Court showdown on expropriation without compensation looms
Parties opposed to an amendment have all said the review committee’s work has been characterised by several procedural flaws
Opposition parties and the Institute of Race Relations (IRR) are preparing to take legal steps to prevent the push by the ANC and the EFF to amend the constitution so as to make it clear how land could be expropriated without compensation.
Parliament’s joint constitutional review committee is finalising its report and recommendations on whether a constitutional amendment is needed to ease such expropriation.
The committee is due to conclude its work on Thursday and it is likely that the matter will be put to vote. With the ANC enjoying a majority in the committee and having secured the support of the EFF and the UDM on the issue, the vote will just be a formality. The three parties have made it clear that a constitutional amendment is needed to address the skewed land ownership patterns dating back to the colonial and apartheid eras.
The parties opposed to an amendment — the DA, COPE, IFP, Freedom Front Plus, and ACDP — have all said the review committee’s work thus far has been characterised by several procedural flaws.
In terms of the written submissions, the report indicates that 65% of valid submissions were opposed to changing the constitution, while 34% were in favour of its amendment. About 450,000 valid written submissions were received, yet only about 400 were analysed
In the main, they question the manner in which written submissions were handled, and the fact that former president Kgalema Motlanthe’s high-level panel report was largely ignored. In November, Motlanthe tabled a review of key legislation in parliament. His high-level panel proposed that, instead of amending the constitution, the government use its expropriation powers currently available more boldly.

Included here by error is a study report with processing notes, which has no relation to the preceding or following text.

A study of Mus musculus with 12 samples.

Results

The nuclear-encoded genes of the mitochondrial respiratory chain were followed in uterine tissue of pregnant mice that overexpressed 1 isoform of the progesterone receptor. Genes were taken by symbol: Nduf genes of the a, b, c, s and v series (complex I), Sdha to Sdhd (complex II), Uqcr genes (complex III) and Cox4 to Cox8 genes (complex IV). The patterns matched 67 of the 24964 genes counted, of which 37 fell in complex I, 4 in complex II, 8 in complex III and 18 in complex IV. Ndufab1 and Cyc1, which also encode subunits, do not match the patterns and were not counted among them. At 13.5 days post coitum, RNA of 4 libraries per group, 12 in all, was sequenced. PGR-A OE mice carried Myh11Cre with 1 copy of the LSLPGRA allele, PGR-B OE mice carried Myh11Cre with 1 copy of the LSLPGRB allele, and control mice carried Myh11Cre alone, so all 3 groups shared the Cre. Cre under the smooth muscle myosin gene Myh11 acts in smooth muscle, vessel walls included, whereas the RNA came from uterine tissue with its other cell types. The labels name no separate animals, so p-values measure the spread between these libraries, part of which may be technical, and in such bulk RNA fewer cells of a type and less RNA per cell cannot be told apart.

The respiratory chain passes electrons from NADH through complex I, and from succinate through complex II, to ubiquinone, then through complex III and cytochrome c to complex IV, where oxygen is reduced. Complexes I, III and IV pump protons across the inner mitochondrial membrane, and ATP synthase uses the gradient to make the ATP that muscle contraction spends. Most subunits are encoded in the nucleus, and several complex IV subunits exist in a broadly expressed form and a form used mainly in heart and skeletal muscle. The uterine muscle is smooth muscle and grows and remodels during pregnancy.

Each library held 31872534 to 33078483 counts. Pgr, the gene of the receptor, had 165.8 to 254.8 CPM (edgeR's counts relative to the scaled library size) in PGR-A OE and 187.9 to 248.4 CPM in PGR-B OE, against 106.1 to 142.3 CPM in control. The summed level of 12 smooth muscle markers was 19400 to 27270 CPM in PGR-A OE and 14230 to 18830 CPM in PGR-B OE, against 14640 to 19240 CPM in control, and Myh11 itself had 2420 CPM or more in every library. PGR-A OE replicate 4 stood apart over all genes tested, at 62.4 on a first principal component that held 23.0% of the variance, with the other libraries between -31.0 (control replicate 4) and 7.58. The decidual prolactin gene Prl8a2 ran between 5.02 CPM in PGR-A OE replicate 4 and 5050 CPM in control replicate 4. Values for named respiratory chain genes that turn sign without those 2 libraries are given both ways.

Motlanthe’s panel also found that a lack of leadership and policy direction, corruption and inadequate budget were to blame for SA’s failed land reform. The budget for land reform is less than 0.4% of the national budget. Of this, less than 0.1% is set aside for land redistribution.
According to the constitutional review committee’s draft report, there was overwhelming support in the public/oral hearings for a constitutional amendment on expropriation of land without compensation.
However, in terms of the written submissions, the report indicates that 65% of valid submissions were opposed to changing the constitution, while 34% were in favour of its amendment. About 450,000 valid written submissions were received, yet only about 400 were analysed.
Quality vs quantity
The EFF has argued that the numbers of written submissions opposing the amendment would not be a factor when MPs draft the final recommendations as “this is not a referendum, but about the quality of submissions”.
ACDP MP Steve Swart said the committee clearly did not consider written submissions, which means it had failed to fulfil its constitutional obligation. The DA suggested that the amendment would not pass constitutional muster.
Freedom Front Plus MP Corné Mulder said, “The South African public and the international community should take note that the process was a charade and therefore fundamentally flawed. The decision to amend section 25 was already taken by the national executive committee (NEC) of the ANC and announced by President [Cyril] Ramaphosa on July 31 2018.”
The IRR said on Wednesday that it is briefing lawyers in preparation for taking the “procedurally flawed work of parliament’s constitutional review committee on judicial review. The committee has a constitutional obligation to hear and heed what South Africans have said on the [expropriation without compensation] issue. The IRR is determined to ensure that it fulfils this obligation.
“The hundreds of thousands of submissions, which people took the trouble to send in, must be fully taken into account, not effectively relegated to the rubbish bin, as the committee currently seems intent on doing.”